Public Relations

by Debbie Leven

The role of PR in the organisation

Ideally, any PR activity should be linked to PR objectives that have been defined and based on the organisation’s mission, vision and corporate level objectives. PR that does not contribute to the success of corporate or business objectives should be questioned.

Often, the PR department is in an ideal position to contribute to the corporate vision, mission and objectives. The work of the department will usually involve staff in speaking with journalists and key interest groups – opinion leaders, customers, pressure groups, suppliers and the like. Monitoring the press and media, and gauging opinion through primary and secondary research, ensures that the PR function has a good understanding of perceptions among key audiences.

PR and marketing

PR is part of marketing, though organisations will often have separate departments for these functions. Marketing is concerned with identifying and satisfying customers’ needs profitably. PR seeks to address the relationship an organisation has with the audiences that are important to it, and customers could be just one of a number of audiences considered by the PR department. Other audiences may include local community groups, pressure groups, staff, suppliers, local MPs, press and media (an audience in its own right as well as a conduit to others), and other organisations in the same sector. PR focuses on understanding those key audiences and communicating with them appropriately.

Is PR a management function?

Given the importance of reputation to an organisation, PR should certainly be considered as a management function. As the ‘ears’ and ‘eyes’ of the organisation, the PR department is in touch with what is happening within the organisation as well as having an understanding of how the various key audiences perceive the organisation.

Developing the organisation’s identity

The question of where responsibility for developing the organisation’s identity should lie very much depends on the extent to which senior management understand the importance of the role of identity. Ideally, the PR function should be involved, since the PR department is uniquely placed – understanding the environment in which the organisation operates, the pressures and sensitivities of the particular sector, the organisational culture, how the organisation is currently perceived and the nature of the desired perception. Staff in the PR department have an eye on the big picture while paying attention to detail. In some organisations, responsibility for developing an identity is passed across to a design, advertising, branding or marketing agency. In these instances, PR still has a valuable role to play.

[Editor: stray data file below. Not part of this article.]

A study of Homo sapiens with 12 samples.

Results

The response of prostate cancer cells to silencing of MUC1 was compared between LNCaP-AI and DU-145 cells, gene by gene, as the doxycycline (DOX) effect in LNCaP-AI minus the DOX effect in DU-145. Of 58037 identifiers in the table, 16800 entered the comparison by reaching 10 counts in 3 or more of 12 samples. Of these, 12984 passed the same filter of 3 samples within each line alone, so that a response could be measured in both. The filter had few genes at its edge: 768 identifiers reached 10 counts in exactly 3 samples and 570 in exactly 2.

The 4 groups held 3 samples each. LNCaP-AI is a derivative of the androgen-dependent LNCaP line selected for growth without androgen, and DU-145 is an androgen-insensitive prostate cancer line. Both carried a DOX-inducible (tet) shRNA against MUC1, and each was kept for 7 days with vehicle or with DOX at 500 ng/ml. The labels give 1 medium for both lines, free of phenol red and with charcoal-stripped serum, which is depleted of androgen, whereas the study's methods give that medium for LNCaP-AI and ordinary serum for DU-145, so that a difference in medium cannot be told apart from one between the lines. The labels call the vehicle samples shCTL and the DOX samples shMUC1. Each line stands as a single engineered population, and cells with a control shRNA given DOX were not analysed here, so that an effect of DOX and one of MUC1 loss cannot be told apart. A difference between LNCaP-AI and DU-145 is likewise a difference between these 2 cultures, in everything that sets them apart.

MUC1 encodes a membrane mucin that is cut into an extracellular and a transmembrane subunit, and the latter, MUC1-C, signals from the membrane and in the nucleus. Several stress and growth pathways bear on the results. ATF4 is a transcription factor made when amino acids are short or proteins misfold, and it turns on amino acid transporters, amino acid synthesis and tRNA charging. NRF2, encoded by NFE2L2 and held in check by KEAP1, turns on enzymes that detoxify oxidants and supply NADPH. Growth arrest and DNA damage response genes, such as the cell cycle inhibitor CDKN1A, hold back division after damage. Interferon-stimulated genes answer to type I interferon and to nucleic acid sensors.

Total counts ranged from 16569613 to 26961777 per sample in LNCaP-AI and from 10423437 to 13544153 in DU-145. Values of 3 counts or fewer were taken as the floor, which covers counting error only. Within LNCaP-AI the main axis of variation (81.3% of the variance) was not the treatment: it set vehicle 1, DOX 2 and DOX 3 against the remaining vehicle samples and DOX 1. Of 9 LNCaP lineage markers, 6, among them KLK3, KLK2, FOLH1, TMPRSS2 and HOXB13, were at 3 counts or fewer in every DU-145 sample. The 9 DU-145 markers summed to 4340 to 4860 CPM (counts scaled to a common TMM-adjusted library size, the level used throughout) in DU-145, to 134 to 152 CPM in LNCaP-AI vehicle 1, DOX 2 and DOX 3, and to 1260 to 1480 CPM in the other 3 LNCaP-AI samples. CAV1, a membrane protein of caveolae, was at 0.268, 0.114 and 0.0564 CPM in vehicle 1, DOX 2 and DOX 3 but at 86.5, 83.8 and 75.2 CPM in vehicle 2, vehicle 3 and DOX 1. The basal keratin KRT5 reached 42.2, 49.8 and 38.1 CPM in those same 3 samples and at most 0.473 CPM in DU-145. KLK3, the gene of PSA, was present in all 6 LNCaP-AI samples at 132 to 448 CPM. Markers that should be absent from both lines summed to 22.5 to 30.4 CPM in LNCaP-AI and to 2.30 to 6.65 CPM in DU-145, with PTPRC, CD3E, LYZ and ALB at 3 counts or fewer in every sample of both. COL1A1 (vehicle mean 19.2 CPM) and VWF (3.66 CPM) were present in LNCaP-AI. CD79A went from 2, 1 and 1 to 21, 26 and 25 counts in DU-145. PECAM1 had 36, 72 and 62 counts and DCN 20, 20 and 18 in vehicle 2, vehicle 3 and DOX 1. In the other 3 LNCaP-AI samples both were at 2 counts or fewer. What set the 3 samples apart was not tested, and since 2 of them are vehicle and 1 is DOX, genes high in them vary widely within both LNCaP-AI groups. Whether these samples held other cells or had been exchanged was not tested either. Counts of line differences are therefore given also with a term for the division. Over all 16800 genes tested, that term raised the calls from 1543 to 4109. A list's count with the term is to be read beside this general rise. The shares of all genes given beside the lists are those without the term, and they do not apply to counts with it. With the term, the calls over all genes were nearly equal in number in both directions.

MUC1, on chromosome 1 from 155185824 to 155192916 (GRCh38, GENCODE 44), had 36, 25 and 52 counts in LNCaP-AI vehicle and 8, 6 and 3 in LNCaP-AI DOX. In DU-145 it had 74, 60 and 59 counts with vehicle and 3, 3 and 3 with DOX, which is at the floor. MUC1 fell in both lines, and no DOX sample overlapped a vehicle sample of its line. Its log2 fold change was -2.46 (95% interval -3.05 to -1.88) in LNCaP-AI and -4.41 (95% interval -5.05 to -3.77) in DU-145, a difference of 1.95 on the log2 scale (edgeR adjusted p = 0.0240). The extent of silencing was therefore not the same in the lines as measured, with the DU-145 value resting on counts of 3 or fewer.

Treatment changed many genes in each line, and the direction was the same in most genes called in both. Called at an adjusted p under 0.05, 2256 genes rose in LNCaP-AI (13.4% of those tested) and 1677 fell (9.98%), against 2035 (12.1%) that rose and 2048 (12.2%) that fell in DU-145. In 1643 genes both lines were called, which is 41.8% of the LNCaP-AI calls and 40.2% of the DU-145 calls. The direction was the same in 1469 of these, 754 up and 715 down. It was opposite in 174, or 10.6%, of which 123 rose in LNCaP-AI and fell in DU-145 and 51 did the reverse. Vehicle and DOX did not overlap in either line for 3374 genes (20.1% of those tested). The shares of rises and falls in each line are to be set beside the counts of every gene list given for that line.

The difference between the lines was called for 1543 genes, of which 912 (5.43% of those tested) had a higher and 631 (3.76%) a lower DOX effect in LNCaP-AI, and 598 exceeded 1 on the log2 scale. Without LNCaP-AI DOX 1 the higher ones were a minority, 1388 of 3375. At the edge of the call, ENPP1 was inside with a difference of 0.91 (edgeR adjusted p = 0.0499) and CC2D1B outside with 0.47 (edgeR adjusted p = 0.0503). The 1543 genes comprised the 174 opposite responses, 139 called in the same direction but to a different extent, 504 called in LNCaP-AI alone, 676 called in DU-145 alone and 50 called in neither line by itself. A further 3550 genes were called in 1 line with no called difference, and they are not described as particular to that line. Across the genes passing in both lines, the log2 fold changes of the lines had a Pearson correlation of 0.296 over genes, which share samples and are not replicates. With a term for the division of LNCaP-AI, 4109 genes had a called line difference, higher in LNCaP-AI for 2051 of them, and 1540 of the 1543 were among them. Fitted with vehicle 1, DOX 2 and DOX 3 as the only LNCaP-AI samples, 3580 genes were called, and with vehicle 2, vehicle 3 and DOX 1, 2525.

The relationship between PR and HR

Both PR and human resources are concerned with communicating with employees. Responsibilities will vary from organisation to organisation. In some, the in-house newsletter, staff surveys and community relations are overseen by the PR department. In other organisations, either the HR department will take the lead or responsibility will be shared. Clearly, what is important is that the relative skills of each department are used as effectively as possible to support the organisation’s mission, vision and objectives. It’s not unusual for the roles and responsibilities of one department to impact on the other:

  • The PR department may become aware of staff discontent about a particular issue
  • Where it is likely that HR issues may have a wider impact, or become public, then it is likely that the PR department will become involved
  • When redundancies are planned, or offices to be closed, then PR would usually help support on the communications – internal as well as external.

Other departments

Aren’t other departments involved in communication too? Yes indeed – every department should be involved:

  • Keeping the PR department informed about any potential incidents or crises
  • Informing the department about any stories or events that could provide opportunity for positive PR
  • Regarding staff communications
  • In relation to their own function.